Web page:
Saturday, January 12, 2019

Remembering a Legend


Our friend Bob passed away on Thursday night after a courageous battle with ALS.

The first memory I have of Bob was him coming over before the holidays to make Christmas cookies with my parents at some point in the mid to late 1970s.  Soon afterward, "Bob is coming over" changed to "Bob and Paula are coming over" and I have hazy memories of being put to bed before the adults enjoyed a few beers and the latest episodes of The Love Boat and Fantasy Island.  There are pictures of my parents along with Bob and Paula in each of our family photo albums throughout the 1970s, 1980s and 1990s.

Like my parents and my sister, my grandparents and Harry Kalas, Bob was ubiquitous while I was growing up.  We'd go over to Bob and Paula's house for dinners, for birthday celebrations, for Miss America pageant viewings and later when they had kids of their own, we all traveled to Walt Disney World together several times.  Much to the delight (and embarrassment) of Bob's kids, Beth, Amy and Andrew, he seemed to have an uncanny knack of getting selected for anything at Disney World involving costumed audience participation.

Bob and my Dad worked together in a junior high school guidance office for decades.  I visited the guidance office before, during and after my time in junior high and Bob was always smiling and welcoming.  He was inquisitive about what I had been up to and encouraged me to keep up the good work.  He usually had a book or a movie or a TV show recommendation, and those recommendations never failed me.  He was always dressed well and whenever I was dressed up for something he'd point at me and say, "Looking sharp, Jimmy."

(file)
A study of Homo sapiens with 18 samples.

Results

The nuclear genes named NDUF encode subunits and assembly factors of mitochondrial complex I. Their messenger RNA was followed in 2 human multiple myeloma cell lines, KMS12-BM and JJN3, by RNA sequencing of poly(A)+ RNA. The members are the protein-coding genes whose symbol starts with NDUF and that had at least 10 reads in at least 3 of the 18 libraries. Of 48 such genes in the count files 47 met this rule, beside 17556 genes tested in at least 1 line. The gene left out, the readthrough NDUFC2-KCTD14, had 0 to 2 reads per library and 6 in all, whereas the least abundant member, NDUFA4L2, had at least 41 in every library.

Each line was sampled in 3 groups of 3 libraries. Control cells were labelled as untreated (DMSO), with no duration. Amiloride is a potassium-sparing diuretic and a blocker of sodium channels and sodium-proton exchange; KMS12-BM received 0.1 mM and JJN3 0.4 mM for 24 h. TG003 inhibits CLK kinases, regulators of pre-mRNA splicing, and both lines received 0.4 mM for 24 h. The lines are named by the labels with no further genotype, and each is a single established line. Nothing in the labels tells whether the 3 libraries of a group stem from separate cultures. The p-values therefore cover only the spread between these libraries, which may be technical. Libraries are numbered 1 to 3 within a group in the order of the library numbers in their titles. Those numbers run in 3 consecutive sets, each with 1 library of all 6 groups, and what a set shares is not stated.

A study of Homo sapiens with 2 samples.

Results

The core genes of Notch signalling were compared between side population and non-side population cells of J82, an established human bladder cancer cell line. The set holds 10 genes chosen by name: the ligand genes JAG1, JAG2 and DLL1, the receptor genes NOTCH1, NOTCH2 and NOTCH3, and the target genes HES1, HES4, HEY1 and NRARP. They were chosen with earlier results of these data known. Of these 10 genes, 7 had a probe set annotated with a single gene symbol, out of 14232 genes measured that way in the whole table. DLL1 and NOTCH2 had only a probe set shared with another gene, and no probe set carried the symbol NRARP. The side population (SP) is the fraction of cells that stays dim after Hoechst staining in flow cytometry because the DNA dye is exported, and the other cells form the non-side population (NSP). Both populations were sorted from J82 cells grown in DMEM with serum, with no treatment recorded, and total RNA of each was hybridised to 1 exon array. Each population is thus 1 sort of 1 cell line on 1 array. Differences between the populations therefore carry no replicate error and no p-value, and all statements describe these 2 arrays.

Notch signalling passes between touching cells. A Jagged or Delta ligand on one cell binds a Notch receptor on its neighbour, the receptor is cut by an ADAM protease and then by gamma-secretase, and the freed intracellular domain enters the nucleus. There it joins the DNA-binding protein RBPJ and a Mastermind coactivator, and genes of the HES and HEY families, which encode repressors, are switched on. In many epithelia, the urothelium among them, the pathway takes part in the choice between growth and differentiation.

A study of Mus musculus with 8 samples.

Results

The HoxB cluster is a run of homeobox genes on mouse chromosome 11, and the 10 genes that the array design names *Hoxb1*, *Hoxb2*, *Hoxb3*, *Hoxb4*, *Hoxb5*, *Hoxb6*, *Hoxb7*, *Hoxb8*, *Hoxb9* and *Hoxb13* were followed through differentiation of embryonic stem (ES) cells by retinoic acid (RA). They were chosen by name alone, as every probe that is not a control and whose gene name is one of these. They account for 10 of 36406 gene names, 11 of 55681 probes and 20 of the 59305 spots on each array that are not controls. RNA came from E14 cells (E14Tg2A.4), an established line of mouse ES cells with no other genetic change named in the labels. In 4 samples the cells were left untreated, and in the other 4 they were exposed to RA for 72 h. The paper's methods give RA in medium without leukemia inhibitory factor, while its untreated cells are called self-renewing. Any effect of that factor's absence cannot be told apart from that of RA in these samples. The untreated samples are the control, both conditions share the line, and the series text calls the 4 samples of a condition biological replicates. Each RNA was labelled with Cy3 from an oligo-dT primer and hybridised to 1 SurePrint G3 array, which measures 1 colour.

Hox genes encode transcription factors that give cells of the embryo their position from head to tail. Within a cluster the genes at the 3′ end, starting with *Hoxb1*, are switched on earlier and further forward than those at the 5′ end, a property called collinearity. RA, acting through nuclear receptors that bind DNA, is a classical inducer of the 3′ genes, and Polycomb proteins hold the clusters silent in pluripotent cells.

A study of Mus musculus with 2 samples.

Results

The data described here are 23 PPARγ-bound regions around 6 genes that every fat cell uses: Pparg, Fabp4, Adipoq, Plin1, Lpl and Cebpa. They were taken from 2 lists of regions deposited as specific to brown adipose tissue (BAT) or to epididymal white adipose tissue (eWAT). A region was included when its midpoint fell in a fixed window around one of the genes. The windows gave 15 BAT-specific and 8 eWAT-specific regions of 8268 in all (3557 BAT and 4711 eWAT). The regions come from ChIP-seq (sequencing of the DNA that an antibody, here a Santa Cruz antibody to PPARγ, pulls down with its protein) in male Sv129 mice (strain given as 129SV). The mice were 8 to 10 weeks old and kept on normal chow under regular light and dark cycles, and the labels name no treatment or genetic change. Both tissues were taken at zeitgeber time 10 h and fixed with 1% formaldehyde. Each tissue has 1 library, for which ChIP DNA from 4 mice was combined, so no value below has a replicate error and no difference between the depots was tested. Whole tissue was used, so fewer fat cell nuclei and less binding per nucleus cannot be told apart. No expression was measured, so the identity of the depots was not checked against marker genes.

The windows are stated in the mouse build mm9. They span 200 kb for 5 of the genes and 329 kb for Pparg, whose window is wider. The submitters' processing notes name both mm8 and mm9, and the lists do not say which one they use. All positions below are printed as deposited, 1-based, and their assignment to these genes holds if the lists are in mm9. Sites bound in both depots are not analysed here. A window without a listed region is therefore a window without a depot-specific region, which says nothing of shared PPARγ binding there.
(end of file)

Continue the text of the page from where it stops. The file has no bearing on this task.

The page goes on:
I can't remember the exact conversation I had with Bob after my Dad got sick and passed away, but I remember his words were calming and hopeful.  He knew what to say and how to say it, with the perfect mix of sincerity and humor, and that will always stick with me.

He was an accomplished artist and two of his oil paintings hang in our house.  When I had kids of my own, he continued the same practice he had established with me of asking them how they were doing and encouraging them to keep working hard.  He invited them both over for painting lessons and he'd send Doug coded letters in the mail.  At each of their birthday parties, as guests would arrive, the boys would anxiously ask, "When are Bob and Paula getting here?"

Bob was a diehard Phillies fan, and even the dreadful play from the past few seasons couldn't dim his spirits or his belief they were just a few games away from turning everything around.

I laughed a lot when I was around Bob.  We all did.  Paula, his kids, his grandkids and his extended family know how special he was and those memories and those smiles won't fade.  We'll all continue to tell stories about Bob, just like we do with my Dad, and when we tell those stories we'll smile and laugh and remember our friend.

5 comments:

Fuji said...

Sorry to hear about the loss of your friend. This post was a nice tribute to him.

Linda Russell said...

Wow, Jim, great tribute. I was one of your Dad's students, inspired by him and your Mom...both impacting my career/life choices in a big way. You were blessed to have them, and Big Bob and Paula. Big Bob did the same with me my whole life: How are YOU, What are you doing? How is your son? What are you doing? And, quite rare, he wanted to know the answers! He listened. What I said mattered to him, even when I was a confused teenager. And, that made all the difference for me, and countless others. What a legacy. He will rest in peace, and God help his heaven mates: "No, really, tell me what you have been doing...." Twink, aka Linda Russell

Nilsa Acosta said...

I worked with Jim and Bob for 5 years at MHS. Both were, and will always remain, two of my favorite people.

Steve F. said...

That's a beautiful tribute to someone who was clearly a great human being. RIP.

Jim said...

Linda and Nilsa - Thank you so much for posting your comments here! I sincerely appreciate the kind words.